Ontopic The 3D printing thread

Mr. Asa


Got another spool of PETG, tried the Amazon Basic as it got good reviews. Everything online said 235-240 nozzle temp, even the settings on the side of the spool suggested 220-240. Try it out, have a few issues at 240 (not really delamination, but it wanted to,) nothing survivable at 235, go to 250 and it starts churning out gorgeous looking surfaces.

Still, it does look pretty.
 

Domon


Got another spool of PETG, tried the Amazon Basic as it got good reviews. Everything online said 235-240 nozzle temp, even the settings on the side of the spool suggested 220-240. Try it out, have a few issues at 240 (not really delamination, but it wanted to,) nothing survivable at 235, go to 250 and it starts churning out gorgeous looking surfaces.

Still, it does look pretty.
indeed. I wonder if their supplier changed it on em and they dont do regular assays.
 

gee

 

gee


Using bearings and rods and motors from the old printer, framing and new Y rods from Misumi.

Trianglelab E3D clone, a pair of their Bondtech extruder clones plus their Prometheus system clone Y splitter for dual extrusion. Prusa MK52 magnetic heatbed clone - I haven't looked back since putting that bed on my i3 clone.

Still figuring out electronics since I have to drive 6 motors.
 


Using bearings and rods and motors from the old printer, framing and new Y rods from Misumi.

Trianglelab E3D clone, a pair of their Bondtech extruder clones plus their Prometheus system clone Y splitter for dual extrusion. Prusa MK52 magnetic heatbed clone - I haven't looked back since putting that bed on my i3 clone.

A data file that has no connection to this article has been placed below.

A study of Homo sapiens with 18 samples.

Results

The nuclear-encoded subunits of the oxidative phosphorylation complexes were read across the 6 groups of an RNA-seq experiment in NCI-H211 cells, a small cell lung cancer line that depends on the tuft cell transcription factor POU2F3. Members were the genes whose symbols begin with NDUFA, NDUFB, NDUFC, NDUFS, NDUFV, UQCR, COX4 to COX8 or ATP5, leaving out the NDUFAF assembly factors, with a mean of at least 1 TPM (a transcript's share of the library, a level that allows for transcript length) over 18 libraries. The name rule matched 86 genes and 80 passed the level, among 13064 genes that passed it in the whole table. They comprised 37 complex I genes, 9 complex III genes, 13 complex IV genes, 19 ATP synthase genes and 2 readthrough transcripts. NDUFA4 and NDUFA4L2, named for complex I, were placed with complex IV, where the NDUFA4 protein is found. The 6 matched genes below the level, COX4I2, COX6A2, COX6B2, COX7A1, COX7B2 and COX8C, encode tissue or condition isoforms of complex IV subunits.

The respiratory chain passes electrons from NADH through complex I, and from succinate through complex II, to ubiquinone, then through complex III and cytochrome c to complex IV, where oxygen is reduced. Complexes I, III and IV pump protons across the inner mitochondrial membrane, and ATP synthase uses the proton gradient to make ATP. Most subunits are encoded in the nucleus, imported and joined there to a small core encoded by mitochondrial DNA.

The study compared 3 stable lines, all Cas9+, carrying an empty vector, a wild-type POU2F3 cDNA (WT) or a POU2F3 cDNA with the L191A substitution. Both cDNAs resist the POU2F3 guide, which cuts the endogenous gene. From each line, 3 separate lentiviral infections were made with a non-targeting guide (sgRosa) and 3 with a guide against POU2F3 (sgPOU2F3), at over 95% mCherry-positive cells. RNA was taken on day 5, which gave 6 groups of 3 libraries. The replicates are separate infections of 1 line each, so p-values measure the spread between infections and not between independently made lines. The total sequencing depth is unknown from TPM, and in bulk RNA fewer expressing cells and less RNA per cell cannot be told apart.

Still figuring out electronics since I have to drive 6 motors.
I just slapped a genuine 24V E3D into my hooptie of doom.

Still waiting on the Paquette engineering upgrade board.
 

HipHugHer


“Hooptie of doom” indeed. LOL
I understand the basic concept of what they're doing and can understand some of the mechanical problems they talk about but the rest is much like the computer thread which I also read but cannot contribute anything useful to.
 


I've been there a couple times while this thing was running and it was mesmerizing. When you see one running you can see how a little temperature difference or vibration or binding along a movement or whatever can really make things go from great to unusable.

Think of it as more of an instrument than a machine. Much more sensitive and close tolerance.
 


The cheapass ones are available from China via eBay and they suck.
The best ones are designed in America and cost a mint.
Ya, without even knowing anything highly technical about what's going on, anybody who's a bit mechanically inclined could watch this thing operate and notice little things all over it where a little cheaping out on material, fastening, stability, flex, ability to stop/start/change direction, maintain the right temp and flow, etc. could easily pile up and turn a well crafted part into a useless blob.

And that's before any software glitches or programming oopsies, etc. even come into play.
 

gee


“Hooptie of doom” indeed. LOL
Best way to describe a 3D printer is it's a robotic glue gun that moves around squirting molten plastic on top of other plastic to build shit. Instead of glue sticks it takes a continuous plastic thread called "filament", that kinda looks like weed whacker line.

There's different ways of building printers, different kinds of plastic filament you can use that have different characteristics etc... but that's just details.
 


There's different ways of building printers, different kinds of plastic filament you can use that have different characteristics etc... but that's just details.
It’s the details that make my head spin and eyes glaze over. The glue gun part I understand and thanks, because I’ve never heard it described that way before.
 


The real problem is that a lot of these guys have rusty actuator arms inside that stick, but to get the geartrain out, you have to free the stuck arms anyway, so it's not likely that once these things are busted, they'll get reassembled badly.
 


Holy fuck it's great. Prints better than the nylon that Ultimaker sells, doesn't shrink or warp anywhere near as badly, and it's tough as fuck.